Endocrine Abstracts (2006) 11 P535

Genetic analyses of familial isolated primary hyperparathyroidism: implications for clinical assessment and surgical management

C Marcocci1, E Pardi1, S Borsari1, E Ambrogini1, M Lemmi1, A Picone1, E Vignali1, G Viccica1, P Berti2, P Miccoli2 & F Cetani1


1Department of Endocrinology, University of Pisa, Pisa, Italy; 2Department of Surgery, University of Pisa, Pisa, Italy.


Familial isolated primary hyperparathyroidism (FIPH) can result either from incomplete expression of a syndromic form of familial primary hyperparathyroidism [multiple endocrine neoplasia types 1 (MEN 1), hyperparathyroidism-jaw tumor syndrome (HPT-JT), or familial hypocalciuric hypercalcemia (FHH)] or still unrecognized causes.

We investigated the involvement of MEN1, HRPT2 and CASR genes by direct sequencing of germline DNA in seven well-characterized Italian kindreds with FIHP, with negative clinical features for MEN 1, HPT-JT and FHH. The mean age at diagnosis was 45±17 yr (mean±SD; range 18–70 yr) in the probands and 42±18 yr (range 15–69 yr) in the other affected.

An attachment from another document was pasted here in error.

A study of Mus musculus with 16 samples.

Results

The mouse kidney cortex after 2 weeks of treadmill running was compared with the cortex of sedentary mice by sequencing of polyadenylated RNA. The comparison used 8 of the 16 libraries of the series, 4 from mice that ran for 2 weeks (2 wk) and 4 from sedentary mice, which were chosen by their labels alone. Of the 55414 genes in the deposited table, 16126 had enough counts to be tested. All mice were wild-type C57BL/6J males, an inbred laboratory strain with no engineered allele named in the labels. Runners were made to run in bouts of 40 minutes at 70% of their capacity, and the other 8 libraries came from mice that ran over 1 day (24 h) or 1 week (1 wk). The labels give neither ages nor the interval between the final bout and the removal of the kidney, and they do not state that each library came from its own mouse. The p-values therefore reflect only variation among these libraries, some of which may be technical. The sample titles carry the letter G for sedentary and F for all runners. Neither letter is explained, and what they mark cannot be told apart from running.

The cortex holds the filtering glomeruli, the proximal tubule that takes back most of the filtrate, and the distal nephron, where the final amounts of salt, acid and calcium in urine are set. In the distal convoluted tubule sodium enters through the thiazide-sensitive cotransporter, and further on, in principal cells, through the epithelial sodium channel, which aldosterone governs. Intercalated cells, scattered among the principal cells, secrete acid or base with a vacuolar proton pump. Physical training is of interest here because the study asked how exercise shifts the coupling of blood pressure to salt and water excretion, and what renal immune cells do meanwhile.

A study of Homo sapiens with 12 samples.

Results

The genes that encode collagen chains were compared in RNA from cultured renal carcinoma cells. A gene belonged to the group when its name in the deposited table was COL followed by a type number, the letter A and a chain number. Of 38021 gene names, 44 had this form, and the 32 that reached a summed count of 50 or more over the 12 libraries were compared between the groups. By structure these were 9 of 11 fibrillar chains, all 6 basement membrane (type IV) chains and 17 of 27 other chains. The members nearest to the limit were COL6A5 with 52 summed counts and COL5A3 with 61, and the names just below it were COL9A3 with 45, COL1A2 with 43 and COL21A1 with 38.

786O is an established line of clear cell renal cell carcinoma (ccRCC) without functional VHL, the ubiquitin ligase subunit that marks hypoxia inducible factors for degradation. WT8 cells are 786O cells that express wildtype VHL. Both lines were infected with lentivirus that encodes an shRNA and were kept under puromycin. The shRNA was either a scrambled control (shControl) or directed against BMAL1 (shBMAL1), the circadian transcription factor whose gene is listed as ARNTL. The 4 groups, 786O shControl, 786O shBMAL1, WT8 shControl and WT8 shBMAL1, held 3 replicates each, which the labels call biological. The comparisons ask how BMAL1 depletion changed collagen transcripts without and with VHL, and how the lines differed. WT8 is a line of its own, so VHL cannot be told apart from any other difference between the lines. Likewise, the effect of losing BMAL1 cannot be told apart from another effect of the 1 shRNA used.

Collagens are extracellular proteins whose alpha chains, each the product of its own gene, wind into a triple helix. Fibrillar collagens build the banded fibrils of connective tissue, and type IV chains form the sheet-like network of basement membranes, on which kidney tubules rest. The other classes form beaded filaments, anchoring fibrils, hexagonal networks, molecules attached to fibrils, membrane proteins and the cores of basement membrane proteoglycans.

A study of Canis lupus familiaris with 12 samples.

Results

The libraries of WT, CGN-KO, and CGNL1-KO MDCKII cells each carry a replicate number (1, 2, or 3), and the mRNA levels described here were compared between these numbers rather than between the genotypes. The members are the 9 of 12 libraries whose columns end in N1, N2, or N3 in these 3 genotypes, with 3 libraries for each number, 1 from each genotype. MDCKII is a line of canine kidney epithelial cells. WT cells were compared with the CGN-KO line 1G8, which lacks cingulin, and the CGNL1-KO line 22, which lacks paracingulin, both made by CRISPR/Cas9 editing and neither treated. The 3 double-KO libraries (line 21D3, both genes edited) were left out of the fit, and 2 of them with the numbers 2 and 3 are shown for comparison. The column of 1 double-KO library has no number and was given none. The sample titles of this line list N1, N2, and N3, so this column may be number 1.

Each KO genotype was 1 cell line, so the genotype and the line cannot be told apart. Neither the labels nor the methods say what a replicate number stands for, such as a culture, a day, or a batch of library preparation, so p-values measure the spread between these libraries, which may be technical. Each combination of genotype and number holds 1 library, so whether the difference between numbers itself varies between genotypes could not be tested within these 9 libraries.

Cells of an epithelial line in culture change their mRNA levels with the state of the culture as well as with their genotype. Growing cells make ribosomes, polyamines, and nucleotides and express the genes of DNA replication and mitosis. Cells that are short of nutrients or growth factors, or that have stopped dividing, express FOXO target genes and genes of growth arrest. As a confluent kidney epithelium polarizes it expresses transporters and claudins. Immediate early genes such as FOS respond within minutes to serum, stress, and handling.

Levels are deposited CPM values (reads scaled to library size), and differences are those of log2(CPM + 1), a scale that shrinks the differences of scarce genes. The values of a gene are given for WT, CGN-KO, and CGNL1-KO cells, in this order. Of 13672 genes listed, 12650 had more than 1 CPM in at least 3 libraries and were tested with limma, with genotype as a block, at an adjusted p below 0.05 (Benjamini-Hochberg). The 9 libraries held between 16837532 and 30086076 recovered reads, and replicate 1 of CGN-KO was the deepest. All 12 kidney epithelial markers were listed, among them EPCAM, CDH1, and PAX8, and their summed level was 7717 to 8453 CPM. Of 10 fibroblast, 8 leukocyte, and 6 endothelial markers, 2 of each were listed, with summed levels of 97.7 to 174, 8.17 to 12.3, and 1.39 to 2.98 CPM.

Germline MEN1 mutations were detected in three kindreds. Multiglandular involvement was found in all but one affected subjects belonging to the three kindreds with MEN1 mutation. In these patients persistence/relapse of the disease was observed unless an extensive parathyroidectomy (excision of 3 ½ glands) had been performed, with the exception of one patient, who is currently normocalcemic 168 months after excision of two glands. No mutations of MEN1, HRPT2 and CASR genes were identified in the remaining four families.

MEN1 genotyping appears worthwhile in FIHP families, since the finding of mutation(s) may predict multiglandular involvement and therefore have practical surgical implications, and prompt further investigation in the family, with the possibility of identifying new cases and beginning a program of periodic surveillance for emergence of tumours in all carriers.